Vindice (still in disguise) leads Lussurioso to the Duchess’s chamber. Lussurioso draws his sword, hoping to kill Spurio, but discovers that the Duchess is in bed with the Duke instead. The Duke frantically begs for his life, saying he has days’ worth of prayers to ensure he goes to heaven.
The Duke reacts cowardly to the intruder, whom he doesn’t initially realize is his own son. It’s telling that, when confronted with the end of his life, the Duke feels he ought to pray. The fact that he has days’ worth of prayers to make firstly suggests the sheer number of misdeeds he has committed through his life, and secondly that, like sex and justice, he sees the access to a good afterlife as essentially transactional—he believes he can exchange prayers for heaven.
The Duke realizes that Lussurioso is his assailant; the Duke’s guards seize Lussurioso. Some noblemen, Ambitioso, and Supervacuo enter. The Duke and the Duchess express their surprise that Lussurioso had come to assassinate his own father. Sensing it best that they get out of there, Vindice and Hippolito make a swift exit.
Lussurioso, of course, hasn’t come to kill his father, but rather to kill Spurio. The lack of bloodshed here heightens the audience’s anticipation for its later arrival.
Spurio enters with his servants. Lussurioso tries to tell the Duke about the Duchess’s affair with Spurio but is silenced and taken to prison. On his way out, Lussurioso pleads with Ambitioso and Supervacuo to secure his freedom, which they pretend to commit to.
The Duke demonstrates his power in administering justice. Ambitioso and Supervacuo live up to their names—they’re only interested in trying to find a route to power.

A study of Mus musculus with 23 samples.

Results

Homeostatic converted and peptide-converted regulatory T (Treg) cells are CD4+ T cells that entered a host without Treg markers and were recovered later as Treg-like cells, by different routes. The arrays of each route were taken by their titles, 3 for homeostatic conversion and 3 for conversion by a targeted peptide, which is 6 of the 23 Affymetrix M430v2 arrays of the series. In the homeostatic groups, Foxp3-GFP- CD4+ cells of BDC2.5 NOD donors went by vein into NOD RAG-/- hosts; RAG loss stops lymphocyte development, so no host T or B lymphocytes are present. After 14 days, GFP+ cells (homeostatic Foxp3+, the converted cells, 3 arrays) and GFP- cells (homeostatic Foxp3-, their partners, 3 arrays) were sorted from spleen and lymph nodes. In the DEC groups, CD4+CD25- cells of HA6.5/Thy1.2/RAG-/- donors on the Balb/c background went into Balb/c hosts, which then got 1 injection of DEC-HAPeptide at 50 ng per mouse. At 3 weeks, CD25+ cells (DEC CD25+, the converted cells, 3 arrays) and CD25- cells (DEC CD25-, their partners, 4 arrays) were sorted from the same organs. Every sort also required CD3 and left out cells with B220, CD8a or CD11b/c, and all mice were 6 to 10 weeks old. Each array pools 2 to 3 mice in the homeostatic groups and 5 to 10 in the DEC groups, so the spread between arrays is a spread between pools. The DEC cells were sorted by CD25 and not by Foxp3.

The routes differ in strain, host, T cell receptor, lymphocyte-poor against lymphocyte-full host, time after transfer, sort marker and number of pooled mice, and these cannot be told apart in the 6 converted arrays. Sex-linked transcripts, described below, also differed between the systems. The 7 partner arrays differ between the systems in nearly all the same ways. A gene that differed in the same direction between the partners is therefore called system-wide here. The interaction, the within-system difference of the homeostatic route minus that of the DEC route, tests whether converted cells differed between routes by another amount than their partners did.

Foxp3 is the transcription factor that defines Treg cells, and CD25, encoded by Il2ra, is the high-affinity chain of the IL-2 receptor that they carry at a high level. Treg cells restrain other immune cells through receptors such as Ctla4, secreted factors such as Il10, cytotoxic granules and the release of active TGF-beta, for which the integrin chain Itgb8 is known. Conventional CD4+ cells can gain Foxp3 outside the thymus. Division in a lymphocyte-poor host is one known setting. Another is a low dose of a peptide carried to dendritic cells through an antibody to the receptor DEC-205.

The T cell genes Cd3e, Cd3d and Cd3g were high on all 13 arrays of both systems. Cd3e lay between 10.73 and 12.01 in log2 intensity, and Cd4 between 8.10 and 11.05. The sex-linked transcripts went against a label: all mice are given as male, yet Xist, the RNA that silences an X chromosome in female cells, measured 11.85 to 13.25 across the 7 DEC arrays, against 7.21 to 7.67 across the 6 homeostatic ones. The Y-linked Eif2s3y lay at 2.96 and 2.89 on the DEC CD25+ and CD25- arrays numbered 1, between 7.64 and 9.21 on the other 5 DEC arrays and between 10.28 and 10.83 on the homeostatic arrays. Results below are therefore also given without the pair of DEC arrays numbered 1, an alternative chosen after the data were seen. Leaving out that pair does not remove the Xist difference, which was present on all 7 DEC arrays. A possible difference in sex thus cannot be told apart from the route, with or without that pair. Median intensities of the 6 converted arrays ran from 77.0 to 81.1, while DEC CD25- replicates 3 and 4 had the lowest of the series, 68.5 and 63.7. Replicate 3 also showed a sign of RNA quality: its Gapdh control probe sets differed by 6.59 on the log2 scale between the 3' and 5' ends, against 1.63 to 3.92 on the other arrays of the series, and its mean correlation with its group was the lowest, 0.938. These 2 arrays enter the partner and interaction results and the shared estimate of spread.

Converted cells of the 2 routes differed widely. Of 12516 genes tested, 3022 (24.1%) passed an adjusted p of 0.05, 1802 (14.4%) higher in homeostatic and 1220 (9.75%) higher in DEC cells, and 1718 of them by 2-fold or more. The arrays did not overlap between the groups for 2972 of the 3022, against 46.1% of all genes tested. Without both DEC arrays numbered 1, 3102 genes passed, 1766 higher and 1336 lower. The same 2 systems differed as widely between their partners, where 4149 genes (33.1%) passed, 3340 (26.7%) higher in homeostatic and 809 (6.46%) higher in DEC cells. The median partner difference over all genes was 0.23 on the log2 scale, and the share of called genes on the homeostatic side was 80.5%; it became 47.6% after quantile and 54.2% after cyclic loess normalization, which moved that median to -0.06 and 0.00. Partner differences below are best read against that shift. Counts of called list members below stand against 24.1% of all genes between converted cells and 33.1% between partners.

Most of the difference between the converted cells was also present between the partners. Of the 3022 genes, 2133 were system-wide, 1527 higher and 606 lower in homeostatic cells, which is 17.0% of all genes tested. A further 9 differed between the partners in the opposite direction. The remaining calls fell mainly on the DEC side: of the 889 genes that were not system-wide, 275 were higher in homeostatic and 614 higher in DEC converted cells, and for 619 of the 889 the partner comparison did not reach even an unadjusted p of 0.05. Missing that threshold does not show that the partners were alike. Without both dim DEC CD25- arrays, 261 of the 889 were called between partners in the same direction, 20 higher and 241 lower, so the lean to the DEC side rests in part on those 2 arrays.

Ambitioso and Supervacuo speak to the Duke. Though their intention on the surface is to bring about Lussurioso’s release, they deliberately try to subconsciously influence the Duke to punish Lussurioso as harshly as possible, telling him that that’s what others would have done. The Duke instructs them to go and tell the judges, “He shall die.” As they leave, the Duke makes clear that he sees through Ambitioso and Supervacuo’s power-hungry scheming.
The play’s plot starts to complicate as vendettas between different characters become increasingly apparent. The Duke doesn’t really want to kill Lussurioso because he is his only true son and heir (Spurio is a bastard and the others are the Duchess’ children, not his). The Duke’s directive to tell the judges only that a nonspecific “he” be punished to death will result in the misunderstanding that leads to Junior Brother’s death.
With Ambitioso and Supervacuo gone, the Duke tells his noblemen that he will pardon Lussurioso. Left alone on stage, the Duke reasons that he ought to forgive those sins that are less grave than those he has committed himself throughout his life. He talks of his lustiness, and his punishment for those who don’t give in to his sexual demands: “Many a beauty have I turned to poison / In the denial, covetous of all.”
This is a rare insight into the psyche of the Duke, revealing a nihilistic admission of his evil acts. The exploitation of beauty—that is, acting on his lust—is more important to him than life itself. The mention of poison relates to Gloriana, Vindice’s deceased wife, but also implies that she isn’t the only one he has murdered for the same reasons. It also foreshadows his own death (and its method).